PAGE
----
I just LOVED this house when I saw it in House Beautiful........I`ve captured most of the interview they did with the designers.....
Interior design by BABS WATKINS, JULIE WATKINS BAKER &; ELEANOR CUMMINGS
Interview by DOUGLAS BRENNER
Photographs by KERRI MCCAFFETY
PRODUCED BY DAVID M. MURPHY
STYLIST GREGORY BISSONNETTE
DOUGLAS BRENNER: This whole place has an American-in-Europe mood. It's sort of Henry Jamesian — meditative, elusive, romantic. The Paris of The Ambassadors meets the Venice of The Wings of the Dove.
JULIE WATKINS BAKER: Calmness, a serenity, is what we were going for, and a feeling of soul and grace and history. Understated design is a signature of my mother, Babs Watkins. She has a great color sense. The palette here is so subtle — all these soft blues and platinum grays.
You look at the living room and think 'blue,' but then you look closer and say, 'Wait a minute...just where is the color?' There's that blue-painted cabinet, some blue in the carpet, blue glass boxes on the table, but not much more. You don't need much blue for a whole room to seem blue.
Are blues hard to get right?
Really hard. We agonize over them. They change with the context, because other colors affect them dramatically. Natural wood warms them up, silver cools them down, white brightens them.
Light seems to bounce and flow everywhere — silvery chandeliers, luminous fabrics. I can't take my eyes off those sexy curtains.
They're ball gowns! We use that fabric a lot. It's duchesse satin, and it's got real weight and an iridescence that's very understated, and it just hangs beautifully. We have it lined, and the whole point is for it to look like a ball gown that's slightly rumpled — one you had a really good time in. Curtains should never be stiff. They've got to look like they've been opened and closed and touched. These are slightly too long, but not draggy and contrived. Nobody's going to trip over them. It's just enough to hold them out and rumple them up a little bit.
I notice you don't have shades on any of the chandeliers. Do you prefer to leave the bulbs exposed?
Yes, in most cases. Shades distract from a chandelier's sculptural quality. You don't have to stick on shades to make it appealing.
Many houses I've seen in Houston feel very done, with every hair in place. What gives this one its confident nonchalance?
That's another of my mom's signatures — the place seems un-done. It's not a paint-by-numbers thing. The character of the whole house comes from the character of each piece. Each one has to speak to you. It's like a jewel with a history — you might not know what that past really is, but you could make up a good one! We do a lot of shopping in France and Italy, and our client has a real passion for European antiques.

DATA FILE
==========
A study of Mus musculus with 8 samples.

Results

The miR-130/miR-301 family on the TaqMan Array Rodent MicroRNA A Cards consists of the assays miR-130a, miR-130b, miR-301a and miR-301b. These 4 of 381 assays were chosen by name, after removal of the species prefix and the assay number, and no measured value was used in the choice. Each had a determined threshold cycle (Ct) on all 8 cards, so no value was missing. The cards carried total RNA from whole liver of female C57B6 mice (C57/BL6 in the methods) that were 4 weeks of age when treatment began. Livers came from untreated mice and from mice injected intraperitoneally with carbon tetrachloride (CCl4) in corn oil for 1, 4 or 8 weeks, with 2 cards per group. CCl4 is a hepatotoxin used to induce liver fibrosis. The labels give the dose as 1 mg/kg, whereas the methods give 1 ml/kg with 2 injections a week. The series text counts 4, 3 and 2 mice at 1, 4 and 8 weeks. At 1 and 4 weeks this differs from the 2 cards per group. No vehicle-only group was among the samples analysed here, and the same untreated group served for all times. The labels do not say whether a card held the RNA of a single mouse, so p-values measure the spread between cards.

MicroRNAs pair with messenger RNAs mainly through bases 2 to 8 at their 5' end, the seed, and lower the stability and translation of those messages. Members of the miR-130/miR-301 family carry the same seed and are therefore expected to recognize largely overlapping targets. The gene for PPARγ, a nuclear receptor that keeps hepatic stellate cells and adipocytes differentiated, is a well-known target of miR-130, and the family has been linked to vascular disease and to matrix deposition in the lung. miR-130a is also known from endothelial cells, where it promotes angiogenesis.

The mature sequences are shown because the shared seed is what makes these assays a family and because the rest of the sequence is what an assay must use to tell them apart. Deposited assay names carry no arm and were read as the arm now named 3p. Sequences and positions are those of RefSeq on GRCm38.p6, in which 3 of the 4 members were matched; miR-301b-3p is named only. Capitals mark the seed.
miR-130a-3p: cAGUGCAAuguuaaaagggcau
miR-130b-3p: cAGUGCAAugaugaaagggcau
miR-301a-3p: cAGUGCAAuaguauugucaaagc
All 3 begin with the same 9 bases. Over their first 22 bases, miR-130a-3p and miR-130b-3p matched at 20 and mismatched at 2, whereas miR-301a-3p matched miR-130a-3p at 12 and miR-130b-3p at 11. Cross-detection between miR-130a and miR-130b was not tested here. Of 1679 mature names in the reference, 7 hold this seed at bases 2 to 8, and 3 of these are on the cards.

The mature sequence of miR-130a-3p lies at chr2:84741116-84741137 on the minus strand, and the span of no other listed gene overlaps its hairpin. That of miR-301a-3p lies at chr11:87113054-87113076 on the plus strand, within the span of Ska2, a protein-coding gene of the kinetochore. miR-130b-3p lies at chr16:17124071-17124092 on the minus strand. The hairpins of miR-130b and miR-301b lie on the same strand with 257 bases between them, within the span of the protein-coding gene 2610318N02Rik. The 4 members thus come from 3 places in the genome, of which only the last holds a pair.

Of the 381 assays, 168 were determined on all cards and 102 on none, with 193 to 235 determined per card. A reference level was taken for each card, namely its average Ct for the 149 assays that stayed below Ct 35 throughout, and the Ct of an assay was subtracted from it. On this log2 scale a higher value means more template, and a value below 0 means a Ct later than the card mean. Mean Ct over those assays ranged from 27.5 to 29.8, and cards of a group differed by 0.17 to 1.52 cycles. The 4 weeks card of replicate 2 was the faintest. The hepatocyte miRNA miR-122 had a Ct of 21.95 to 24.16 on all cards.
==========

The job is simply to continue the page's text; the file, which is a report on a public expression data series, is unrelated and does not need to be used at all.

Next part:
But you're pairing antiques with new partners, right? Sort of like the French couple in that tapestry, dancing what could almost be a Texas two-step.
There you go! We want an interior to look like it's evolved, like you've collected over the years, your tastes have changed, and you've melded it all together.
Some of these pieces individually are what might be classed as rather grand, and yet the way you've put them together…
…has a casualness. Right. If you arrange these bergères and fauteuils very formally, you don't want to sit in them. We don't want anything to seem staged and unusable. I guess you can tell we have a chair thing! They all have such distinct personalities.
You also seem to have a thing for painted furniture.
We like the way you can imagine all the different lives a piece has led by seeing the different coats of color. That was the appeal of reusing antique doors with layers of patina, even though they're tricky to retrofit. This was just a traditional builder home from the 1980s with no strong character. It had bad limestone-tile floors, which we replaced with 150-year-old oak planks. We added beams to break up the length of the living room. For the kitchen cabinets we bought wood from a Scandinavian dairy — you can still see the rings where they laid out cheeses.
That range hood sure isn't off-the-shelf. Where did it come from?
It's made out of an antique aviary that the client found at a Houston antiques show. After we inserted steel panels, it ended up being perfect over the cooktop. She also found the fragment of boiserie that Eleanor Cummings used as the master bedroom headboard. With those carved putti on top it's so pretty and whimsical. There has to be a little humor in some of the pieces.
You've put great decorative objects here, but little patterned fabric, except on pillows.
I don't wear a lot of patterns, so I certainly don't want to sit on a lot of patterns. For us, the pattern comes from the composition. If there is pattern, it's usually woven in. One of my first rules in choosing fabrics is, 'If I wouldn't wear it on my body, I'm not going to put it on a piece of furniture.' Not that I'm going to be wearing a lot of mohair.